Cyber Monday is defined as the Monday after Black Friday. It is heralded as the kick-off to the online holiday shopping season and/or the busiest day for online retailers.
What does it mean to me? Cyber Monday could be the case study for the power of marketing.
Cyber Monday hinges on the idea that shoppers make purchases upon returning to work on the Monday after Thanksgiving. These shoppers might be avoiding Black Friday altogether or are buying items they were unable to purchase offline. Combine this with the (once) natural day-of-week effect that shows Monday as the most trafficked day for retail and Cyber Monday seems to make a lot of sense.
In reality, Cyber Monday is a clever lie created by savvy marketers. The term was coined by Shop.org in 2005 and immediately drew media attention both good and bad. Naysayers pointed to the fact that Cyber Monday didn’t really pan out when you looked at the numbers.
But the numbers have changed in the last few years and what we’ve witnessed is the triumph of marketing.
Cyber Monday Statistics
It was widely reported in 2005 that Cyber Monday was historically only the 12th largest online shopping day of the year. Even a Shop.org study found that the busiest shopping day in 2005 was actually December 12th.
This trend continued until 2010 when Cyber Monday was the highest ranked online shopping day, raking in over one billion in sales.
That trend continued with Cyber Monday ranked the highest online shopping day in 2011. What’s fascinating here is that this is happening against the backdrop of some strong trends to the contrary.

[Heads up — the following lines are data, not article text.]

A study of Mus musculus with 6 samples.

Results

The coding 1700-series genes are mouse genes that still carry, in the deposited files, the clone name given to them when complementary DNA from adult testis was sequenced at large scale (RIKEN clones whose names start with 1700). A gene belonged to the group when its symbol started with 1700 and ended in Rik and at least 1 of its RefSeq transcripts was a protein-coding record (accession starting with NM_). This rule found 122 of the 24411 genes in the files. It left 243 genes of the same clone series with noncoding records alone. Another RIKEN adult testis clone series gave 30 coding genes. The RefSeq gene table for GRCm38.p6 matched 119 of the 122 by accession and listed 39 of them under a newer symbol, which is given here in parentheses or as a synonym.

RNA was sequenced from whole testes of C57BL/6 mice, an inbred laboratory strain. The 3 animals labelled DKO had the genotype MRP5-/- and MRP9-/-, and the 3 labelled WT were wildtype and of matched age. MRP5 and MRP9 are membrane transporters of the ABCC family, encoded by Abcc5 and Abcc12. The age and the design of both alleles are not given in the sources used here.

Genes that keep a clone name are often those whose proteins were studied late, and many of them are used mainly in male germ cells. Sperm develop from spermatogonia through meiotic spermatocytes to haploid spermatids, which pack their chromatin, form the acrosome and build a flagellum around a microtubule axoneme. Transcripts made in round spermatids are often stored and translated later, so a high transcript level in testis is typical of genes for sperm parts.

Broadband adoption and fast internet connections have made the ‘wait-to-surf-at-the-office’ behavior far less powerful. And in recent years smartphones and tablets have all but erased these patterns.
Lastly, while Cyber Monday may be the biggest day of the year it does not reside in the biggest week of the year.
So despite the bulk of the sales happening in the later weeks marketers have figured out a way to crank up the volume on Cyber Monday.
Is Black Friday really black?
Black Friday is a big shopping day for retailers. But is it the biggest day? Maybe.
Snopes has the data through 2002 which shows Black Friday ranks between the 4th and 8th biggest day of the year. Black Friday did take the top spot in 2003 and 2005 according to International Council of Shopping Centers. However, I’ve seen conflicting data from other sources.
More recent data from ShopperTrak seems to suggest that Black Friday has secured the top spot. Once again, belief in the Black Friday myth, and the marketing muscle behind it, made it real.
Seth Godin hits the nail on the head in All Marketers Are Liars.
Successful marketers don’t tell the truth. They don’t talk about features or even benefits. Instead, they tell a story. A story we want to believe.
Marketers succeed when they tell us a story that fits our worldview, a story that we intuitively embrace and the share with our friends.
Within this context, Cyber Monday is a well constructed and beautiful fiction. The knee-jerk reaction is to believe the Cyber Monday story (as well as Black Friday) and most won’t do the research to validate that belief.
The fact is Cyber Monday and Black Friday were both fiction, but ones that we collectively embraced (even Google). As such, our collective suspension of disbelief led both to become a reality. Marketers succeeded in telling a story that people believed. Perception became reality.